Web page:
Bernie Sanders’ decision to run for the Democratic Party’s nomination for president has shaken up the status quo. Until his announcement, the 2016 election looked like it was going to be “more of the same”-- possibly even another Clinton vs. another Bush. Long accustomed to voting “none of the above,” many Americans have responded enthusiastically to Bernie’s campaign.
Americans are given few opportunities to express themselves politically. This is why people’s interest in politics seems to rise during election season. In the “desert” that is contemporary American politics, Sanders’ call for “Scandinavian-style socialism,” his protesting against the “billionaire class,” and his call for a “political revolution” naturally resonate with millions of people. He is boldly raising ideas and words that have not been part of the mainstream political discussion for decades.
The crisis of American capitalism continues to unfold, leading to greater hardship for workers and youth. Cuts and austerity for the majority of people and unimaginable wealth for the minority is the new normality-- and anger is building in response to this inequality. People are sick and tired of the status quo, and the general population is shifting to the left. However, there is no mass political party through which to express this radicalization. This is where Bernie Sanders steps in.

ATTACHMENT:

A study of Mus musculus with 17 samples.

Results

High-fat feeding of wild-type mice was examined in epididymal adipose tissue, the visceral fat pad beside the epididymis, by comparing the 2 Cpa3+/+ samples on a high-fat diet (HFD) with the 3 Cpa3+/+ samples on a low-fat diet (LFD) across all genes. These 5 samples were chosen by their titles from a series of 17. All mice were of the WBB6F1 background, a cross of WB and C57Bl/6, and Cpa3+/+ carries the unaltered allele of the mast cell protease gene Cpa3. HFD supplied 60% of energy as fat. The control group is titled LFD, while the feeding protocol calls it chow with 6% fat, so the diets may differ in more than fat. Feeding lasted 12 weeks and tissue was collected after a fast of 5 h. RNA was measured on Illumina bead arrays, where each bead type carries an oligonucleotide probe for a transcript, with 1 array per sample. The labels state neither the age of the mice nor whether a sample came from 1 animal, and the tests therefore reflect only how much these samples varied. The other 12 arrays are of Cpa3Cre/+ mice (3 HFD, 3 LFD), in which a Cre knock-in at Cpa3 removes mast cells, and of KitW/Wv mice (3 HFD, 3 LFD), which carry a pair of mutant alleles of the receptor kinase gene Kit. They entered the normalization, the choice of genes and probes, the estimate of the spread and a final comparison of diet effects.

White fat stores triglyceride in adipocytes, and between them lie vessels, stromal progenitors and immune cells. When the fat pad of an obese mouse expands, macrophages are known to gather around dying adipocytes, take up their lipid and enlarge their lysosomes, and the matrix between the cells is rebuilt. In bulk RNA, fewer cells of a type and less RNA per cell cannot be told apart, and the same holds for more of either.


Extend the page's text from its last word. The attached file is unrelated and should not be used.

Sanders understands and has been able to connect with the rising unhappiness. He uses logos in his announcement for candidacy when explaining the unequal distribution of wealth in America, and appeals to the audience’s pathos by empathizing with them about the long hours and low wages that are reality for the majority of Americans. He discusses these issues on Face the Nation, “There is, in my view, massive dissatisfaction in this country today with the corporate establishment and the greed of corporate America and the incredible unequal distribution of wealth and income which currently exists . . . when you have 99% of all new income generated today going to the top one percent, when you have the top one-tenth of one percent owning almost as much income as the bottom ninety percent, people working longer hours for low wages, and all of the money is going to people on the top—you know what, people don’t think that’s a good idea.”